San Marcos City Council postpones vote on resolution affirming city as welcoming place until federal lawsuit is resolved

The city council will return to consider the proclamation after the lawsuit is settled.(Community Impact Newspaper staff)
The city council will return to consider the proclamation after the lawsuit is settled.(Community Impact Newspaper staff)

The city council will return to consider the proclamation after the lawsuit is settled.(Community Impact Newspaper staff)

The San Marcos City Council voted Nov. 16 to table a resolution meant to affirm that the city of San Marcos is a welcoming community that does not tolerate hate, extremism and other issues.

Some council members expressed concerns that such a vote should not happen until after the outcome of a federal lawsuit alleging the city violated the federal Ku Klux Klan Act of 1871 in its response to 911 calls from a Joe Biden/Kamala Harris 2020 campaign bus Oct. 30, 2020.

At that time, several supporters of Donald Trump used their vehicles to surround the bus driving north along I -35 in Hays County.

As reported in Community Impact Newspaper at that time, conflicting statements surfaced days later as to what department's responsibility it was, and the Hays County Sheriff's Office said it was a failure on the part of the San Marcos Police Department to respond.

Transcripts from the 911 calls were recently released as part of the lawsuit, alleging that the city’s police department failed to respond, causing a campaign event at Texas State University to be canceled.


The city issued a statement Nov. 2 on behalf of City Manager Bert Lumbreras that due to the pending lawsuit they will not comment publicly, and they deny the allegations.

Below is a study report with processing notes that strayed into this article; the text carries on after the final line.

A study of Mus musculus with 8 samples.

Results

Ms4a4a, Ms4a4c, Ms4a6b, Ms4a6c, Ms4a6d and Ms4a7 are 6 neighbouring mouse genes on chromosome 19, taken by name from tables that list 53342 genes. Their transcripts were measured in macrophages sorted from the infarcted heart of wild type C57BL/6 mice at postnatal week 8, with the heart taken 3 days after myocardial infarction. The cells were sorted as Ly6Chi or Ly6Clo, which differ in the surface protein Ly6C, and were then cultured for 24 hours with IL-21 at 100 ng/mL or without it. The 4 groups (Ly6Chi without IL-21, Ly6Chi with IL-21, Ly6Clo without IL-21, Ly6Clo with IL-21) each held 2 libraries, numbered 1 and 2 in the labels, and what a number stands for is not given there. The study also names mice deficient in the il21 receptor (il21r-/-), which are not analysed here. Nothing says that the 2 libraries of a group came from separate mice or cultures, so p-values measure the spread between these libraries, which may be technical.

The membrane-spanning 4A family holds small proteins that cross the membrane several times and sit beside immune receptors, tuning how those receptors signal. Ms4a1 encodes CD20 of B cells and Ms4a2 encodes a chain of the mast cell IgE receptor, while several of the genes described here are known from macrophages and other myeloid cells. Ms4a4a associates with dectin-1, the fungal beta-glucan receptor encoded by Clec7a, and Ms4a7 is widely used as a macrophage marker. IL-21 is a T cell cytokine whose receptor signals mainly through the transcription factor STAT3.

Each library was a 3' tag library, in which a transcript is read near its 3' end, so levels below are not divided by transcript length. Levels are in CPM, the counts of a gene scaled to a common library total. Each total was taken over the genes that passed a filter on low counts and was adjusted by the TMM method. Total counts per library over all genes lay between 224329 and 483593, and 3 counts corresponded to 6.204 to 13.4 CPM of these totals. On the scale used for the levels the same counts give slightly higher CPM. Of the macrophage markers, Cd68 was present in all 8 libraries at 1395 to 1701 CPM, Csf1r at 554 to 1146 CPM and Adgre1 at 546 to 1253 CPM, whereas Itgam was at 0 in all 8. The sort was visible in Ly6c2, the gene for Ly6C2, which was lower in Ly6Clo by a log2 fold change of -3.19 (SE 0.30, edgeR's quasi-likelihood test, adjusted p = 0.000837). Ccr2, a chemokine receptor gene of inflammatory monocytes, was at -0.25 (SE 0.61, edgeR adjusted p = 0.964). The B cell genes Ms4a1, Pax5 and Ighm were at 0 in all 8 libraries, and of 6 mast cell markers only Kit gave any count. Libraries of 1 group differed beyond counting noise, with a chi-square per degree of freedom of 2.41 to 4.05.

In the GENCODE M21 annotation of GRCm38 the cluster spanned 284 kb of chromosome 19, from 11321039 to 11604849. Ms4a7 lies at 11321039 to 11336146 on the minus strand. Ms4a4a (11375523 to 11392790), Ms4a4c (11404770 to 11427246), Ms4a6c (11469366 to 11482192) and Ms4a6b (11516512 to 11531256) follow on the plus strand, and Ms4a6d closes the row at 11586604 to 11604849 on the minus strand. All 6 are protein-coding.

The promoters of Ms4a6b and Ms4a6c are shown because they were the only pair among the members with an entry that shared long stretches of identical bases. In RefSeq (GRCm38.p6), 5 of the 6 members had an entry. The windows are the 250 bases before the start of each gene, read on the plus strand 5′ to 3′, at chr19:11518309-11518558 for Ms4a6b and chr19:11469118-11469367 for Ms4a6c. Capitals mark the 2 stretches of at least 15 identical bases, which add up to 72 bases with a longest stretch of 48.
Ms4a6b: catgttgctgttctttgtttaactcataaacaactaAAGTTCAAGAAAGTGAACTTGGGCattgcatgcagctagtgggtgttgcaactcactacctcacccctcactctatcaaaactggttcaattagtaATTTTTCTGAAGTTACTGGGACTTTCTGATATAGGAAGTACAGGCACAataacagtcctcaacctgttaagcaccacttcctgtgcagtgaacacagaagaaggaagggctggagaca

The resolution would have revised a similar statement made by City Council in 2017 on behalf of the city, “affirming San Marcos is a welcoming city that respects the innate dignity of all people and will not tolerate hate, extremism and bigotry; [and] reaffirming the City Council’s support for the U.S. Conference of Mayor’s Compact to combat hate, extremism, and bigotry,” according to the City Council agenda.

“Given the recent incidents of antisemitism and posters, et cetera, in our community, I thought the new council might want to review it and sign onto it,” Mayor Jane Hughson said. “I also thought it would be a good idea to have this ready for future incidents and not have to wait for the first council meeting to make a statement. I'm not necessarily asking the council to sign on; it's merely an offer for the council to be able to stand united against hate, extremism and bigotry.”

Council members provided a variety of responses that were skeptical of the intent of the proclamation.

“Why would we pass something that is seemingly just at face value? We're not actually going to do anything about our neighbors that are being targeted by this extremism,” Council Member Maxfield Baker said.

Baker mentioned that he would want to see the city vet police officers for violent or racist social media posts, for instance.

“I think we should postpone this until the outcome of the federal lawsuit alleging that the city violated the Klu Klux Klan Act, and until we can address other issues that impact the innate dignity of San Marcans,” Council Member Alyssa Garza said. “It's 2021 and people are exhausted and disillusioned by the government—[also known as] us. Performative actions cannot replace critical conversations that need to happen in a community,” she said.
By Eric Weilbacher

Editor, New Braunfels and San Marcos/Buda/Kyle

Eric joinedCommunity Impact Newspaper as an editor in July 2021, returning to journalism after several years in the New Braunfels business community. Prior to CI, Eric freelanced for multiple publications and was a reporter for the New Braunfels Herald-Zeitung. He brings a passion for accurate, compelling story telling and human interest to his work.